We landed at the Agra military airport very late in the afternoon yesterday, so our buses entered the madness of Friday evening rush hour in India. The driving here is beyond any pre-conception – you can drive anywhere there’s an opening! Tractors, horses, bicycles, motorcycles, tuk-tuks, buses, trucks and cars vie for every sliver of open road. As our guide explained, to drive in India you need a good horn, good brakes and good luck.
To our great relief, the Oberoi Amarvilas is a quiet oasis in the almost overwhelming cacophony of the Taj Mahal festival. It’s consistently rated in the top 10 hotels in the world and we could readily see why. The rooms are beautifully appointed and, squinting hard in the darkness, we could just make out the silhouette of the Taj Mahal from our hotel room.
Mr. GeoK and Oldest GeoKid rose early this morning, for a sunrise photo shoot at the Taj Mahal. They enjoyed more success here than they did at Angkor Wat in Cambodia. After the sun was fully up, and going off Oldest GeoKid’s best recollection, they tried to find GC1A91Y – Taj, the only possibility we had to earn a “found it” log during our tour’s stop in India.
It’s a good thing they came back to the east gate at about 8:30, where Mrs. GeoK and Youngest GeoKid were just going through the admission process. It was our first experience with separate security lines for women and men. Since it’s Sunday and the end of the Taj Mahal festival, the crowds were larger than usual. Our guide expected that admissions would be closed for a while this afternoon, due to over-crowding. In fact, the site was closed for about 4 hours yesterday, on account of a private visit by a sheik.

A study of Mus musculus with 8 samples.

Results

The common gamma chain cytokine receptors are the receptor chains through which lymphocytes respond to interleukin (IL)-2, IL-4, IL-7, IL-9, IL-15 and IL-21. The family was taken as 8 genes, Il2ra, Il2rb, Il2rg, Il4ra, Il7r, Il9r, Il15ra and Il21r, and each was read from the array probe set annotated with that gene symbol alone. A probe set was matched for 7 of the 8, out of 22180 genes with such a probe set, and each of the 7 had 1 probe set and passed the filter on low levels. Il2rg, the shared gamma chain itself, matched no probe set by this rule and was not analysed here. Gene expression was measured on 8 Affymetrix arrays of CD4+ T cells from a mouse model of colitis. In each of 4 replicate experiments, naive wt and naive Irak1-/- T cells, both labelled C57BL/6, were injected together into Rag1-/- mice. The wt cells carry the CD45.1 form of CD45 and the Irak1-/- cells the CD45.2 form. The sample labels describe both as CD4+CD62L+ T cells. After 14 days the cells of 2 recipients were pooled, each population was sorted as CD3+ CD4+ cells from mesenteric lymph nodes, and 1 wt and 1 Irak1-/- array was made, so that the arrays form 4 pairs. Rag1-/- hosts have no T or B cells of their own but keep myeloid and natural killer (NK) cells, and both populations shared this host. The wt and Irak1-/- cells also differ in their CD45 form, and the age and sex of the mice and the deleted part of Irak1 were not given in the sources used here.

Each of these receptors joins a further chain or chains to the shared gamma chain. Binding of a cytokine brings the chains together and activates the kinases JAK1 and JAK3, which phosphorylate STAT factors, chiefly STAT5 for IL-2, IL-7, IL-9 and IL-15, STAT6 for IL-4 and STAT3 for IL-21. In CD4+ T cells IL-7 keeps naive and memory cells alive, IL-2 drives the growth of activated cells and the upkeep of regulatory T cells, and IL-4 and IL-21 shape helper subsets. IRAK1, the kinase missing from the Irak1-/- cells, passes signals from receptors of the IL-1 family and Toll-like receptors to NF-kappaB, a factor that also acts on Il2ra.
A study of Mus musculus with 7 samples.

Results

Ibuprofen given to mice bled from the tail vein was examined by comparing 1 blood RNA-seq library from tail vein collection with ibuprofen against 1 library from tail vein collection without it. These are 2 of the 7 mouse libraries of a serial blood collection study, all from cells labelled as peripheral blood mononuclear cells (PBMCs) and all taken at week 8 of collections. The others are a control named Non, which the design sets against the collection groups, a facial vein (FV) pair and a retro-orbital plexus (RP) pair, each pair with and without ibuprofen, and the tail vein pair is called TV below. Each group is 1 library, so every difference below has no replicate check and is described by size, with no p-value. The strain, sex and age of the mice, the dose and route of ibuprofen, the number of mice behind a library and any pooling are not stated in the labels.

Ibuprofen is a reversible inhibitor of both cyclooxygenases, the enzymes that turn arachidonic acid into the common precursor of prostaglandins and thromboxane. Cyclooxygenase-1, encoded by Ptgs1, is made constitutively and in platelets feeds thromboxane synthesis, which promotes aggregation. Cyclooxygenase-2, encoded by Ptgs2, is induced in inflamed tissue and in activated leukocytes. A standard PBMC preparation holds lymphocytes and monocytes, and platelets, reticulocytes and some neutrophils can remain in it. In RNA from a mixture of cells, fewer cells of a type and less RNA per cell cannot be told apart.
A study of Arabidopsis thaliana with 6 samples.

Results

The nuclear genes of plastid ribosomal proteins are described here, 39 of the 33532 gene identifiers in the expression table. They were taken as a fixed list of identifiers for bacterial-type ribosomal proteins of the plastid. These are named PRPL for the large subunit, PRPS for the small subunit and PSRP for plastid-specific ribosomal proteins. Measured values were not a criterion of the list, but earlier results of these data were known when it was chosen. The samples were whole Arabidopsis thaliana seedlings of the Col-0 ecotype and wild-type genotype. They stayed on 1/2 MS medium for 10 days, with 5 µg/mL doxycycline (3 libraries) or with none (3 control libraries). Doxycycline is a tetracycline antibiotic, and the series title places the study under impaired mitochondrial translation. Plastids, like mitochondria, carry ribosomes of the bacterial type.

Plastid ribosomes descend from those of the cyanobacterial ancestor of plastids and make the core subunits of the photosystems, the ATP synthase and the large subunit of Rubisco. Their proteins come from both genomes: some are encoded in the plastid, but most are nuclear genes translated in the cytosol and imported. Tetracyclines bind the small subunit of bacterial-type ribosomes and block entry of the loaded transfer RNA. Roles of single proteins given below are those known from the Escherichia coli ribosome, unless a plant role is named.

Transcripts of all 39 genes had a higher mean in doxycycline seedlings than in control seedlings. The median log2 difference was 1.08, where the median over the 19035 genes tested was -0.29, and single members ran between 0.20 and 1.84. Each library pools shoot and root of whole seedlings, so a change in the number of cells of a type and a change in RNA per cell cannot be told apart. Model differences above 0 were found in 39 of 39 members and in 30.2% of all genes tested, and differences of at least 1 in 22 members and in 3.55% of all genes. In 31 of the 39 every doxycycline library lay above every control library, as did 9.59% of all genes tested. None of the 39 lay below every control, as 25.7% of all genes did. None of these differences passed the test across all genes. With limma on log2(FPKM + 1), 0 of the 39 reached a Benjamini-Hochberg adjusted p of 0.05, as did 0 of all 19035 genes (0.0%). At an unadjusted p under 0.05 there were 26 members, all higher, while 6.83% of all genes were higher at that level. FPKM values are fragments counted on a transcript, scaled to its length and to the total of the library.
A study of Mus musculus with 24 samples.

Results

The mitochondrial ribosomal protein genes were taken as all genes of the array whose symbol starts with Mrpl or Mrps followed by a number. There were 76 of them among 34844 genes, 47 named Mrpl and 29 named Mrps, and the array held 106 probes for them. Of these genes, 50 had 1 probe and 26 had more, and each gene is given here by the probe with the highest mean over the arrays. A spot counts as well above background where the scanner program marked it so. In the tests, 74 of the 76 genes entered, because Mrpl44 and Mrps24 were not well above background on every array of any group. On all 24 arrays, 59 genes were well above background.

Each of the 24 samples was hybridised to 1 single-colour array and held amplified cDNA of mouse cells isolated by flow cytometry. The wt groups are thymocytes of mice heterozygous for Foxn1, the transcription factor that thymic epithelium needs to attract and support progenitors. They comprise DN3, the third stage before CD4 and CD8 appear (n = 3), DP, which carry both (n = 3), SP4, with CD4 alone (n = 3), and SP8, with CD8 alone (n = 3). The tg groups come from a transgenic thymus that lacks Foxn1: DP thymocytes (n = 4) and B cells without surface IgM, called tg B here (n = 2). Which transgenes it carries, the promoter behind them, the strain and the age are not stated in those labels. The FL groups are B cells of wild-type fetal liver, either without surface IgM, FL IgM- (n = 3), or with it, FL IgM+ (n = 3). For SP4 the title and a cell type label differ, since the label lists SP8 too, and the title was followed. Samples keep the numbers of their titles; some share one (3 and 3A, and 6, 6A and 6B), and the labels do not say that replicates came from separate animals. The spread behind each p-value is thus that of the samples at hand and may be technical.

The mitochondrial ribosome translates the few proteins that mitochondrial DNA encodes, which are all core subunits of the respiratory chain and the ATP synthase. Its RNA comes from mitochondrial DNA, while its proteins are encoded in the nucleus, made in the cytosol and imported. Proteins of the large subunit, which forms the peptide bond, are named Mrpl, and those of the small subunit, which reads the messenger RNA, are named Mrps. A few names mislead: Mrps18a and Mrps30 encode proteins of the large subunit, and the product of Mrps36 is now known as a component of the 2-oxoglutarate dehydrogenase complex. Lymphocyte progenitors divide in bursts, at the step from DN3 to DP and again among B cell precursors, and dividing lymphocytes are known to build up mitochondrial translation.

We took some “fun” photos of the Taj Mahal, but one of the highlights of our visit to this UNESCO World Heritage Site was finding the geocache – our first (and only) in India! Hurray! Since GPS units are not permitted within the grounds, like many before us we relied on the straightforward hint. It turned out that Oldest GeoKid didn’t remember either part of the hint correctly, so it’s a good thing Mrs. GeoK double-checked GSAK this morning.
After lunch, we elected to tour the Agra Fort, another UNESCO World Heritage Site. Our guide was very good, moving us efficiently through the site while pausing frequently for the photography buffs in the group. Afterwards, the marble factory demonstration was fascinating, providing a glimpse of the techniques and patience required to construct the Taj Mahal over a period of 22 years. Several couples on the tour succumbed to the lure of owning a significant reminder of our visit to Agra and can expect their new marble-topped tables to be delivered in two or three months.
As for us, adding India to our geocaching map of the world is sufficient. Next stop…Tanzania, where we’ll split into pairs and head in different directions.